All roads lead to Rome. The Via Francigena is an ancient pilgrim trail to Rome, starting in Canterbury, England; crossing the channel to France and continuing across Switzerland before reaching Italy.
In medieval times, the Via Francigena was an important road for pilgrims heading south to Rome, and like the Camino de Santiago, this trail is an European Cultural Route by the Council of Europe.
The Via Francigena, or Camino to Rome, takes walkers to some of the most stunning regions in Europe, such as Kent and the Dover cliffs, the Great War battlefields of Northern France, the Champagne region, Lake Geneva and the mighty Alps, the Apennines, lush Umbria, the picturesque hills of Tuscany and finally Rome, the eternal city… Read more Via Francigena articles on our blog.
Please see below for our suggested itineraries. You can select the ‘Via Francigena’ to customise your route (start point, finish point and options that you would like to have). You can walk or cycle any of our ways.
The Via Francigena was the major medieval pilgrimage route to Rome coming from the north. Pilgrims today still travel this 2,000km-long route, but in far fewer numbers than the more popular Camino de Santiago (Way of St. James), although its popularity is increasing. The Via Francigena route was first documented as the ‘Lombard Way’, and first called the ‘Frankish Route’, the Iter Francorum, in the Itinerarium Sancti Willibaldi of 725, recording the travels of Willibald, bishop of Eichstätt in Bavaria. The Via Francigena is first mentioned in the Actum Clusio, a parchment of 876 in the Abbey of San Salvatore al Monte Amiata in Tuscany.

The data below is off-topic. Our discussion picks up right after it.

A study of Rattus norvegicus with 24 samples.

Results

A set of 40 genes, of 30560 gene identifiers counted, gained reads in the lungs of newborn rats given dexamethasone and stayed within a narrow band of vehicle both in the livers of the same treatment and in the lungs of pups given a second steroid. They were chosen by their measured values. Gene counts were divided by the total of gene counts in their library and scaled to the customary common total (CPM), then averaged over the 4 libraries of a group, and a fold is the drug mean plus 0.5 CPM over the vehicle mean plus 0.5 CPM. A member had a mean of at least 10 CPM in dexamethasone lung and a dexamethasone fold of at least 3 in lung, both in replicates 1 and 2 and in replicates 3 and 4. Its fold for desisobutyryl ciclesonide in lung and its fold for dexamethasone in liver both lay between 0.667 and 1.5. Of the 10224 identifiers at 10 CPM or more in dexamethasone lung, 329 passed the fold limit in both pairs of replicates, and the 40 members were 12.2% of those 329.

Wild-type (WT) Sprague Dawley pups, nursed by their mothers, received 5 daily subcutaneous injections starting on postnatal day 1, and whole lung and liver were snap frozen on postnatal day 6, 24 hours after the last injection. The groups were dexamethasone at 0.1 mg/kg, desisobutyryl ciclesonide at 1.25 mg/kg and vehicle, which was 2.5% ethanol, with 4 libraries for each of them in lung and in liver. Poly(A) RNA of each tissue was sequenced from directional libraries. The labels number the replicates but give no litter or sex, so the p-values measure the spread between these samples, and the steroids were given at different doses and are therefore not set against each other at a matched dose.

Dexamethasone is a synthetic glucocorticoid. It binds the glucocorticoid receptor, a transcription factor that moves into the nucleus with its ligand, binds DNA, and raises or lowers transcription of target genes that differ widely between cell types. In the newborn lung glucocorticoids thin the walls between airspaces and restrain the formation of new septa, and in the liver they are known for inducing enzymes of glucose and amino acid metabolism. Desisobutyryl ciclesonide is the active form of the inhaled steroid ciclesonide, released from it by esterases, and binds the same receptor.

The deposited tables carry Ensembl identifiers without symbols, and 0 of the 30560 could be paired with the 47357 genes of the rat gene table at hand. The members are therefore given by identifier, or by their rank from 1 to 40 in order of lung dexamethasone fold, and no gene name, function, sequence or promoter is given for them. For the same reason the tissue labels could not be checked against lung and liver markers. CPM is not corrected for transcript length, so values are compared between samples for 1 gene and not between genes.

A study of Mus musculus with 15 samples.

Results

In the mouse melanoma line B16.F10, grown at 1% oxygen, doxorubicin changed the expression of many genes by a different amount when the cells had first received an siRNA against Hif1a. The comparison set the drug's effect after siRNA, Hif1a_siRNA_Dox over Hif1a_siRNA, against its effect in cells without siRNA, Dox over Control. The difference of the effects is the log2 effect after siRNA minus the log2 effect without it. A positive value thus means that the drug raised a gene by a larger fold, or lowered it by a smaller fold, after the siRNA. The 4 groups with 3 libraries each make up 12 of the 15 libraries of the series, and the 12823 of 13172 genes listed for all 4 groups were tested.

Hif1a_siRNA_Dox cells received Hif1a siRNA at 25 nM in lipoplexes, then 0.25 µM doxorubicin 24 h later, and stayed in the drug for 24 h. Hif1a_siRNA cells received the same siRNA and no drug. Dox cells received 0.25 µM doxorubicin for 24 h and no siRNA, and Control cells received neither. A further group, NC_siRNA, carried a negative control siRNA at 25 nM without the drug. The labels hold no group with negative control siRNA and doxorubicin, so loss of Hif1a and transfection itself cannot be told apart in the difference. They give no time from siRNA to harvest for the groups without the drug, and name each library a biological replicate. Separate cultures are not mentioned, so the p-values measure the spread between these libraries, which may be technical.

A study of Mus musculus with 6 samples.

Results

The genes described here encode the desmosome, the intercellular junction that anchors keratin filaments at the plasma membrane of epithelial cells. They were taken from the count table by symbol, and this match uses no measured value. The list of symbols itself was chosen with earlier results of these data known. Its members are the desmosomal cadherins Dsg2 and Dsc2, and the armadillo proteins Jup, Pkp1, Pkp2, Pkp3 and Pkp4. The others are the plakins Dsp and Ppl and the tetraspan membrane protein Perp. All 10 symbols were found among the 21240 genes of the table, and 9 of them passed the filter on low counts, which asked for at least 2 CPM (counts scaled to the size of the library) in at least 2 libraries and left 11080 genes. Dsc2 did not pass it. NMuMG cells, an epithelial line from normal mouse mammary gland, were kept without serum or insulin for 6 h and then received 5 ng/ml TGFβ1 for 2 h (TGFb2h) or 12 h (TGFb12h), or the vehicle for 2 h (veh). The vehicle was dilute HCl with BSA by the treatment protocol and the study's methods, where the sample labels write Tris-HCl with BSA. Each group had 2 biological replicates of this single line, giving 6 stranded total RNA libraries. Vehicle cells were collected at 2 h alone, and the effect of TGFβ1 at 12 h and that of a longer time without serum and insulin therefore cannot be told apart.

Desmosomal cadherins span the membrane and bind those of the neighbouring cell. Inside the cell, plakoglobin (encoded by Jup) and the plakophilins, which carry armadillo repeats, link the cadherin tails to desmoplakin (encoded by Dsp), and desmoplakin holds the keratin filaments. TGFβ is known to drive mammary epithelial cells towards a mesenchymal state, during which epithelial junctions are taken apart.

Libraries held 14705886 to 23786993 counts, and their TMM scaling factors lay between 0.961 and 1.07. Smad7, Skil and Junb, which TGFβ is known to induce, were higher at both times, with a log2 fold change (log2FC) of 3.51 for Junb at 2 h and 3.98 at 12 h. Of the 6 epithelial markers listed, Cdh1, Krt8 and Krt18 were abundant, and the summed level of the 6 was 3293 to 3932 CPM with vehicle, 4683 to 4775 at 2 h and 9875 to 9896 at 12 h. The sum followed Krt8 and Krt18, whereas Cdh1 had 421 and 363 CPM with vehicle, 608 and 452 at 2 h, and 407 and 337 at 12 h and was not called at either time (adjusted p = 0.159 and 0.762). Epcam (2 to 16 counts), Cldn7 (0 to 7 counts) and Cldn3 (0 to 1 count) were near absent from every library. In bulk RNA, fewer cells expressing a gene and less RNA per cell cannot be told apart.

At the end of the 10th century Sigeric the Serious, the Archbishop of Canterbury, followed the Via Francigena to travel to and from Rome to be consecrated by the Pope; he recorded his route and his stops on the return journey, but nothing in the document suggests that the route was then new. In 1985 the Italian archaeologist of roads, Giovanni Caselli, retraced the itinerary as described by Archbishop Sigeric and this is the itinerary our route follows at FrancigenaWays.com, divided in 16 walking stages.
The Via Francigena was not a single road, like a Roman road, paved with stone blocks and provided at intervals with a change of horses for official travellers. Rather, it comprised several possible routes that changed over the centuries as trade and pilgrimage developed and waned. Depending on the time of year, political situation and relative popularity of the shrines of saints along the route, travellers may have used any of three or four crossings of the Alps and the Apennines. The Lombards financed the maintenance and defence of the sections of road through their territories as a trading route to the north from Rome, avoiding enemy-held cities such as Florence. Unlike Roman roads, the Via Francigena did not connect cities, but relied more on abbeys.
The Via Francigena was named European Cultural Route by the Council of Europe in 1994.